Smart Doorbell Focuses On Privacy

As handy as having a smart doorbell is, with its ability to remotely see who’s at the front door from anywhere with an Internet connection, the off-the-shelf units are not typically known for keeping user privacy as a top priority. Even if their cloud storage systems were perfectly secure (which is not a wise assumption to make) they have been known to give governmental agencies and police free reign to view the videos whenever they like. Unfortunately if you take privacy seriously, you might need to implement your own smart doorbell yourself.

The project uses an ESP32-CAM board as the doorbell’s core, paired with a momentary push button and all housed inside a 3D-printed enclosure. [Tristam] provides a step-by-step guide, including printing the enclosure, configuring the ESP32-CAM to work with the popular open-source home automation system ESPHome, handling doorbell notifications automatically, and wiring the components. There are plenty of other optional components that can be added to this system as well, including things like LED lighting for better nighttime imaging.

[Tristam] isn’t much of a fan of having his home automation connected to the Internet, so the device eschews wireless connections and batteries in favor of a ten-meter USB cable connected to it from a remote machine. As far as privacy goes, this is probably the best of all worlds as long as your home network isn’t doing anything crazy like exposing ports to the broader Internet. It also doesn’t need to be set up to continuously stream video either; this implementation only takes a snapshot when the doorbell button is actually pressed. Of course, with a few upgrades to the ESP circuitry it is certainly possible to use these chips to capture video if you prefer.

Thanks to [JohnU] for the tip!

11 thoughts on “Smart Doorbell Focuses On Privacy

    1. Your comings and goings, and that of your neighbours; potentially your (absence of) car which can suggest you’re out. There was a case recently in the UK where someone was sued because their Ring doorbell was capturing video every time their neighbours came or went.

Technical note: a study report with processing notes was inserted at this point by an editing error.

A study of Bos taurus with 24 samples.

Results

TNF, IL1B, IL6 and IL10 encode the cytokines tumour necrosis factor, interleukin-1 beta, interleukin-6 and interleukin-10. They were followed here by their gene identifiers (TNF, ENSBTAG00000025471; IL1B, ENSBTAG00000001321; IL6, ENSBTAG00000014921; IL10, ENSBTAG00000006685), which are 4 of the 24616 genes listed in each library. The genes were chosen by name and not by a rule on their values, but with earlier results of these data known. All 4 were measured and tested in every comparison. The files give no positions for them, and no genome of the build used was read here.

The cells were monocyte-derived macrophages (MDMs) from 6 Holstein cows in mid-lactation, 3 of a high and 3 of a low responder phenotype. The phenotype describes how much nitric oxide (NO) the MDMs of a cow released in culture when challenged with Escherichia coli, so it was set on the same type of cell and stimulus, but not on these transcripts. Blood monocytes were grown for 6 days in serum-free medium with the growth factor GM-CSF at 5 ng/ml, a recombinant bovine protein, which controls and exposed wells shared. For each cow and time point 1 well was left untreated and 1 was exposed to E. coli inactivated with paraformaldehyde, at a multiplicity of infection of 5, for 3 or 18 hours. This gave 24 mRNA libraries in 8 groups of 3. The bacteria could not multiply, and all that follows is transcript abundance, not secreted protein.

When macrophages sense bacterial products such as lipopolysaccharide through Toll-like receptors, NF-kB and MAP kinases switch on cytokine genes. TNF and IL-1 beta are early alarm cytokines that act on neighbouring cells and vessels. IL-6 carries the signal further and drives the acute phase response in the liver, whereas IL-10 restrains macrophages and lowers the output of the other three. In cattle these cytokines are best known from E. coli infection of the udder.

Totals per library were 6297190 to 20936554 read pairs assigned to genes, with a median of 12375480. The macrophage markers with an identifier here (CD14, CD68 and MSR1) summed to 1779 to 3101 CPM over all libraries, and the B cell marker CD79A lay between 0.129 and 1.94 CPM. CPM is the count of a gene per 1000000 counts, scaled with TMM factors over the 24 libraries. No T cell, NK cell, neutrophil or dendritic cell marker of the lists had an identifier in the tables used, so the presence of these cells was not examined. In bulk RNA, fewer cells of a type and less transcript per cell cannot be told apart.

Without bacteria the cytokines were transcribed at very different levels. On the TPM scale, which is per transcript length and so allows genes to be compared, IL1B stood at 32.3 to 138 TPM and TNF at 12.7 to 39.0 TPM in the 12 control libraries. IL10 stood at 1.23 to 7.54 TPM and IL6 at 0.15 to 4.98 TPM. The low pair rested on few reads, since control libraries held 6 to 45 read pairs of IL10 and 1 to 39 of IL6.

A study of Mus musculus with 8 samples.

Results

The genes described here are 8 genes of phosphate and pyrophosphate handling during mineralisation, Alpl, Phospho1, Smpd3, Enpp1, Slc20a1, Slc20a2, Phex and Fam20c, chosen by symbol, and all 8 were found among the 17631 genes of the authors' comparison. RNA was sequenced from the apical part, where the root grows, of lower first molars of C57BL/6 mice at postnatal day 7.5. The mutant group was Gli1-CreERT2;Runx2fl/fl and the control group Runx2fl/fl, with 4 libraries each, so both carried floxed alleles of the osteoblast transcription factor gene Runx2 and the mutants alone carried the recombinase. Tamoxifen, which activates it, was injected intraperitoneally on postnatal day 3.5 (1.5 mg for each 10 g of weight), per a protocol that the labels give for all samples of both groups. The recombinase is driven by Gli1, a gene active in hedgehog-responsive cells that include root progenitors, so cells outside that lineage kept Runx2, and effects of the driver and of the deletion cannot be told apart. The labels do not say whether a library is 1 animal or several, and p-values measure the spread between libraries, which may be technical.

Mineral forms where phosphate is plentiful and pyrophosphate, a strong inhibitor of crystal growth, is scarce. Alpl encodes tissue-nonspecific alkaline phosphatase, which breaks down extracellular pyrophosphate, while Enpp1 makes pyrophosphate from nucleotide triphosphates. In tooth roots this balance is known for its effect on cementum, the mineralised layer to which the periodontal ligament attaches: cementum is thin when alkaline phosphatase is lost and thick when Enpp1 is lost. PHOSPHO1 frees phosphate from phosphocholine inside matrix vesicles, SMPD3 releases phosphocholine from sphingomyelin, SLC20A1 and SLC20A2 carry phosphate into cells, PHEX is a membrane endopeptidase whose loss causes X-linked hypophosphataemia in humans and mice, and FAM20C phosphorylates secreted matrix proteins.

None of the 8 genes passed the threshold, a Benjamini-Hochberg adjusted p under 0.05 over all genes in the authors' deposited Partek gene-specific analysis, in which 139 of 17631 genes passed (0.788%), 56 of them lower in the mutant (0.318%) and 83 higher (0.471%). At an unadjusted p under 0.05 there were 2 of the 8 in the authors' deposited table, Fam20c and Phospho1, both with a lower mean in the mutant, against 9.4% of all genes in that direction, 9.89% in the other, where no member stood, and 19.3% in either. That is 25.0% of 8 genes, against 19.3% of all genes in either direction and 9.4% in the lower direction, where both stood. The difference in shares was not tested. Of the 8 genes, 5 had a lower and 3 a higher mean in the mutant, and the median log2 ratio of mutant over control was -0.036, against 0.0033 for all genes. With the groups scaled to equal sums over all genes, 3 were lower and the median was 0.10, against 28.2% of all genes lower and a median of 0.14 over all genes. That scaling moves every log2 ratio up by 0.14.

2. Having access to someone’s doorbell cam can tell you when a person leaves the house or comes back home, if there’s a package waiting in front of their house, who’s visiting, and often will give a view of cars in their driveway. If you were a burglary afficionado, a set of feeds geolocated to a neighborhood would make for easy targeting.

    3. It is just best not to ‘share’ :) . I am also a fan of ‘not’ connecting any ‘home network’ stuff to the internet. Why I have two networks in place. One just for the internet access. And everything else is on the private home network.

      My problem always comes down to where to get the power for devices scattered around the property. Everything is “o’ this would be neat” … but where do I run power wires :) . Battery is not the solution in most cases.

  1. There is a Nice dystopian sci-fi book written by Koen Martens in his Isolated Futures series on amazon about this problem: DingDong by Zhumee. Incidentally I designed the cover for his books…

  2. Probably not the best place for my question, but is there such smart doorbell that has RFID reader and relay for door opening?
    All of the “popular” smart doorbell has only camera…

  3. I like the idea, but wihtout the “intercom” option it’s not very smart to me. If i am at home i can just open the door to see who’s there. If i am not at home a picture of who’s ringing doesn’t help me much.

  4. While I also have reservations about having the home automation accessible from the internet, having an exposed USB cable seems way worse IMHO, and a good way to get hacked.